If we confess our sins, He is faithful and righteous to forgive us our sins and to cleanse us from all unrighteousness.
–The Apostle John; 1John 1:9
How can a loving, holy, and just God say to both the murderer and to me, “It very good that you exist”? Doesn’t it seem that God has put Himself in a bind when He created free-willed humans who turned against Him? On the one hand, God loves us so much that He wishes none of us would be out of relationship with Him (2Peter 3:9). On the other hand, God is just and He cannot affirm our wrong behavior, it cannot go unpunished (Romans 1:18-19). This is not just a bind, but a double bind (see Miroslav Volf’s book, Free of Charge).
God loves us and doesn’t want that we should get what we deserve; God cannot let our offenses go unpunished. How does God get Himself out of this double bind? He forgives.
Perhaps by understanding God’s forgiveness of me I can better understand how to love myself and those around me (Matthew 22:39).
Anytime I act contrary to God’s ways, I commit an offense against Him. Lying, cheating, greed, anger, wishing I were someone else, lust…whether in thought or deed in these, and more, I offend God. For His part, God first names the offense, calling it what it is. Sin. Then, He offers us the gift of not holding my sin against me (Isaiah 43:25). He must do both, for failing to name the sin merely excuses it and failing to not hold it against me leaves me forever guilty.
Then there is my part. To receive God’s forgiveness, I have to accept both the accusation and the gift. To refuse to admit my wrongdoing is to say I did nothing wrong and do not need forgiveness. As evidence that I am genuinely sorry, I perform “deeds appropriate to repentance” (Apostle Paul’s words, Acts 26:19-20); that is, I try not to do it again (to see how serious my effort should be, see Hebrews 12:4).
Some 500 years ago, Martin Luther said this:
There are two kinds of sin: one is confessed, and this no one should leave unforgiven; the other kind is defended, and this no one can forgive, for it refuses either to be counted as sin or to accept forgiveness.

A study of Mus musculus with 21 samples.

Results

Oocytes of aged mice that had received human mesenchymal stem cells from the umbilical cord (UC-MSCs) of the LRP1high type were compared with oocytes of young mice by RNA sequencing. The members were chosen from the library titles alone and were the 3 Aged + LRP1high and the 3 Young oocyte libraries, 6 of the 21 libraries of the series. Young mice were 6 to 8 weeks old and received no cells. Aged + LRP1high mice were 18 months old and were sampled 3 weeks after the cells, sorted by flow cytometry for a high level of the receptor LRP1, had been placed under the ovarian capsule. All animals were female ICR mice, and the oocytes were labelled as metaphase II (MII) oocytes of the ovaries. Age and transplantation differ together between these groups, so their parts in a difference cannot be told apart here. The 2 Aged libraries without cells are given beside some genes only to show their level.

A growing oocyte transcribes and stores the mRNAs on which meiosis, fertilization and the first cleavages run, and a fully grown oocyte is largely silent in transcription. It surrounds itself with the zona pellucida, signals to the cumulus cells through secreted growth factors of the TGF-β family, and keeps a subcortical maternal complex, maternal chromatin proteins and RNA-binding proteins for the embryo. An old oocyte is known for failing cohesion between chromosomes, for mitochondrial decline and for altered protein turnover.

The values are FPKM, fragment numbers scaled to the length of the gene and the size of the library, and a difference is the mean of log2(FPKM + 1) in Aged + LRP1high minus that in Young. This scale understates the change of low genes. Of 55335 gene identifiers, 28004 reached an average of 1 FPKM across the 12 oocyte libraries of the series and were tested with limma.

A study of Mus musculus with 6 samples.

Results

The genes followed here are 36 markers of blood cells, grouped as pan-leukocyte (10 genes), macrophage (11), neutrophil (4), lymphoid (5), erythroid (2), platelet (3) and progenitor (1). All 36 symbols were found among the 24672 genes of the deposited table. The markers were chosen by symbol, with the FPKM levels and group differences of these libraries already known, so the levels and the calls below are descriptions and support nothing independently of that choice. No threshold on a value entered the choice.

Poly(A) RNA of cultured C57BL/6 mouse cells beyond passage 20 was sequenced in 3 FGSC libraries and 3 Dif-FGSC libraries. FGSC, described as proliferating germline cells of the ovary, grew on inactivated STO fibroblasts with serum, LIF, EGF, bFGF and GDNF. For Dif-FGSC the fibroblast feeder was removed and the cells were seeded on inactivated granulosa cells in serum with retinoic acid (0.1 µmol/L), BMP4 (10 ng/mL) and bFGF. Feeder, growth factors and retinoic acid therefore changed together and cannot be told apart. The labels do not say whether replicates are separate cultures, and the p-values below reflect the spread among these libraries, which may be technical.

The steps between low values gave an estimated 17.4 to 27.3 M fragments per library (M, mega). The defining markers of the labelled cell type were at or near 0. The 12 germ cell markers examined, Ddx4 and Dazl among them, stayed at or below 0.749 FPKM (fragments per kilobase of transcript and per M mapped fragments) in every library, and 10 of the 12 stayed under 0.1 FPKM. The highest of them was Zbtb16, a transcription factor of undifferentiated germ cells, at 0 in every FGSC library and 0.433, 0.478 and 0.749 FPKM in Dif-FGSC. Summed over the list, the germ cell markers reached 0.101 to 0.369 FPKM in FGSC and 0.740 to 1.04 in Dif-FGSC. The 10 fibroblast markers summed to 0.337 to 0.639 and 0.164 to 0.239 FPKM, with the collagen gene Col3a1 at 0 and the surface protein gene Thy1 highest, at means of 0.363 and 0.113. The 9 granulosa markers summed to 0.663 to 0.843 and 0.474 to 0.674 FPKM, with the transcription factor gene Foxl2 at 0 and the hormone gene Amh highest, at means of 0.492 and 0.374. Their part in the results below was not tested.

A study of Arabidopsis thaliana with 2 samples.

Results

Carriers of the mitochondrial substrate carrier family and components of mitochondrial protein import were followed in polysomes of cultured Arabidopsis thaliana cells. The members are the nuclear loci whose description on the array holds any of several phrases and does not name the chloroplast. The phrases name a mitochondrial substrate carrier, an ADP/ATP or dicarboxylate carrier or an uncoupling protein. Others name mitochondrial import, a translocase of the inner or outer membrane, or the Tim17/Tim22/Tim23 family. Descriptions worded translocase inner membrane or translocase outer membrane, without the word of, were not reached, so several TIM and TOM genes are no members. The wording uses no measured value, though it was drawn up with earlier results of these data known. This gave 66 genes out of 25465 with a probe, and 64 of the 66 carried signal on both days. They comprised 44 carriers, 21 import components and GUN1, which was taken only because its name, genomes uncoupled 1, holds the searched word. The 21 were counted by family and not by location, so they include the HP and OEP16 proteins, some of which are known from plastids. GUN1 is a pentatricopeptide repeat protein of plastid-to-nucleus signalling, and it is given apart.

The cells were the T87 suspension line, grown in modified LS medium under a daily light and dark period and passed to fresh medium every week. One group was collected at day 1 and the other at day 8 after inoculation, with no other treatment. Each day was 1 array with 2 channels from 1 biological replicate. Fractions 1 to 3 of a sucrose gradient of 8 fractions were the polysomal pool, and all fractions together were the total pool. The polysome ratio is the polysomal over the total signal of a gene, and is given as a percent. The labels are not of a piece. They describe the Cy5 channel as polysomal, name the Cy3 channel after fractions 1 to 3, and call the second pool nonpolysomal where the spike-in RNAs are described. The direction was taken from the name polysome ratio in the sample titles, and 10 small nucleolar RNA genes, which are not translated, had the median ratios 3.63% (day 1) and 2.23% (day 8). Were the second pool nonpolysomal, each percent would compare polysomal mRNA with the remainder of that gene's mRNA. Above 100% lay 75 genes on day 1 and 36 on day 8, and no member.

Only when both parties fulfill their part can forgiveness in its fulness occur leading to the point of it all: restoration of relationship.
And yet forgiveness may not cancel the consequences of my actions. Forgiveness does not undo the offending deed; often there has been “damage done” to persons or property for which the offender must be accountable.
Forgiveness between humans is much the same. If offended, I must name the offense and not excuse it by sweeping it under the rug. And, I must offer the gift of bearing the burden of not demanding revenge; rather, I offer the gift of release from guilt. If I am the offender, I must admit to the wrongdoing and accept the gift of release from guilt (of course, only God can release me from my ultimate gift; that is why true forgiveness must involve three people: the offender and the two offended, God and the human). I must also attempt to perform the deeds appropriate to repentance, which may be working to rebuild trust, paying for broken things, jail time…
In the case of the murderer of Jessica Ridgeway, we must name the offense for what it is, a horrifically evil deed. We must not hurry past that in a rush to forgive. And we must also carry the burden of not seeking revenge, instead offering the murderer the gift of release from guilt, thought the punishment may be life imprisonment or even the death penalty.
I must forgive others because God has done it for me, and this is what it really means to love the sinner and hate the sin. It is something I am quite well practiced at when it comes to myself and my own behavior. God first says to me, “It is very good that you exist” and offers me forgiveness. I say to myself, “It is very good that I exist” in spite of my behavior, accepting God’s love of me. And because God first loves me and I love myself, I must also love my neighbor in the same way (Matthew 22:39), saying, “It is very good that you exist.”